See the glad Sailor on Peruvia’s Shoar,
Ballasts with Ingots and resplendent Ore,
Or pours his Negroes forth on Chili’s Strand,
Reluctant and with Tears the Wretches land;
Whilst he (his Sable Freight for Gold resign’d)
Takes in Exchange of Slaves, the Master of Mankind.
We all did it, right? It was a sometimes socially sanctioned form of robbery — exploiting and manipulating each other for self-interest, national interest and personal and national profit. And we all have had a hand in it to some degree….Egyptians, Greeks, Romans, Americans, English, Spanish, French, Portugese, Dutch, Africans, Chinese – the list goes on. It was universal. Take the Moors. Robinson Crusoe is captured as a slave and serves his Moorish master long before he ever owns a slave.
Then comes the opportunity for Robinson Crusoe’s exploitation in Brazil….Land is cheap. Robinson comes into quite a bit of it. There’s a problem, though. Not enough slave/servants to exploit the potential profit. The solution, rob a few from the coasts of Guinea, lured by a few “toys.” Who wouldn’t try it? The potential for profit was so great. But so was the danger.
As a result of the shipwreck, Robinson finds himself not enslaved this time, but a prisoner in what would be a paradise, except for the occasional cannibal carnage on the beach…What was wrong with those cannibals? They weren’t smart enough to make financial profit from their captives. Instead, they literally eat away their capital and profits.
It takes a brilliant economic mind of the type Robinson has to manage to secure a slave/servant in this type of environment. But manage he does. And his man Friday is so grateful for his “salvation” from cannibalism and paganism through Master Robinson, that he willingly pledges lifelong “service” to Master Robinson until death would part. Friday has not been robbed of his name, nation, freedom and dignity. This creature cheerfully gives all away forever. In return, Master Robinson gains, through Friday, a greater understanding of the Christian faith. Hhhhhhmmmmm…….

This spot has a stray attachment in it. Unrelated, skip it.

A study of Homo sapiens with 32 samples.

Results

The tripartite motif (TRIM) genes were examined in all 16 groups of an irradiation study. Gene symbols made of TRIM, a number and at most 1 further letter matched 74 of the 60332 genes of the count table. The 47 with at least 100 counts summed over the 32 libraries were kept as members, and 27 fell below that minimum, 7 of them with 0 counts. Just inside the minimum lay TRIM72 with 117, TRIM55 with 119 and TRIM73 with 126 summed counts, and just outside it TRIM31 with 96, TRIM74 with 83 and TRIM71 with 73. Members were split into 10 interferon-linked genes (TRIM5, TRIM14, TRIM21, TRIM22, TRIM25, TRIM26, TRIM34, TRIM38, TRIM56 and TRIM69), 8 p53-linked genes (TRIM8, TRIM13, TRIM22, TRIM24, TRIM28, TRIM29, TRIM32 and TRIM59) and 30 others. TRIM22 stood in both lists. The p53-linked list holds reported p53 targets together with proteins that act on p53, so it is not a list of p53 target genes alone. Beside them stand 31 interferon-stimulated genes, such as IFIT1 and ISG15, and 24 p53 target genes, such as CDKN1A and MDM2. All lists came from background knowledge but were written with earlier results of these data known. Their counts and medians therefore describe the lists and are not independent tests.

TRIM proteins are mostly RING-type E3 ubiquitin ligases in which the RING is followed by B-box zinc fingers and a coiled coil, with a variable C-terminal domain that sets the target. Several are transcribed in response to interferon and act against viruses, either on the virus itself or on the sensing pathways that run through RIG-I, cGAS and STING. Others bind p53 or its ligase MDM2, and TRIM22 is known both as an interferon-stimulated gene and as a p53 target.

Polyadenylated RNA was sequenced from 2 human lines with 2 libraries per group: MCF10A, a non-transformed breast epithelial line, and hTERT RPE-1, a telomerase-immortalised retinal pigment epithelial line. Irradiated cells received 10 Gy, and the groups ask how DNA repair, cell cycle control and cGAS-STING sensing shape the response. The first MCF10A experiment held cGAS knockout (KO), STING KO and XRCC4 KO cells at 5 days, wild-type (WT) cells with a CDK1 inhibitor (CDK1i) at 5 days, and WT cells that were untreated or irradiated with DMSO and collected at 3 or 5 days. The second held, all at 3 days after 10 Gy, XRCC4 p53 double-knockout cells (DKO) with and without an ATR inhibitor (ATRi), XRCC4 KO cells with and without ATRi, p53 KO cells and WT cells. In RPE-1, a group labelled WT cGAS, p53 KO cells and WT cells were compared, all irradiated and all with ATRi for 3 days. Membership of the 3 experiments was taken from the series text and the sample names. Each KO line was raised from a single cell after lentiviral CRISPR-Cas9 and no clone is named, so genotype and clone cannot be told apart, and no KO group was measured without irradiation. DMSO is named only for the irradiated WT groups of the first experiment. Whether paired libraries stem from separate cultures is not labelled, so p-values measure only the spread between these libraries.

Of course, they both survive and reenter the normal world where Brazilian plantations and slave labor have amassed a huge fortune for Master Robinson in his absence. Now a generous, righteous soul, as a result of his personal salvation through shipwreck and solitude on the island, Master Robinson spreads the wealth to family, friends, sponsors and, of course, the Church. It was all quite proper; it was all quite right. And we all did it.
Well, never mind that everybody did it – the exploitation and enslavement. What did Defoe think about it? I started my search for an answer with John Richardson’s Slavery and Augustan Literature. Richardson was helpful for me in learning how the English talked about, or rather didn’t talk about, profit from the exploitation and manipulation of other human beings, namely the slave trade in the 18th century. He left me with no doubt that the moral issues surrounding slavery were very much on Defoe’s mind, but gave no clarity on his position.
I next reviewed Roxann Wheeler’s The Complexion of Race: Categories of Difference in 18th Century British Culture. She deals more explicity with Defoe’s racial ideology, and helped me to understand the gradual rhetorical and language developments surrounding race in the 18th century. But still no answer.
Finally, I stopped my search with Manuel Schonhorn’s Defoe’s Politics. Although the book’s jacket proclaims that Robinson Crusoe is “a dramatic reenactment of Defoe’s lifelong political preoccupations concerning society, government, and kingship,” and gave me a great introduction to Defoe’s thoughts on how the monarchy, parliament and the common people should balance power, he wasn’t interested in the robbery.
So, I honestly didn’t find the answer to what Defoe thought. Good thing we no longer do it. Good thing all this robbery of human rights for profit is in the past.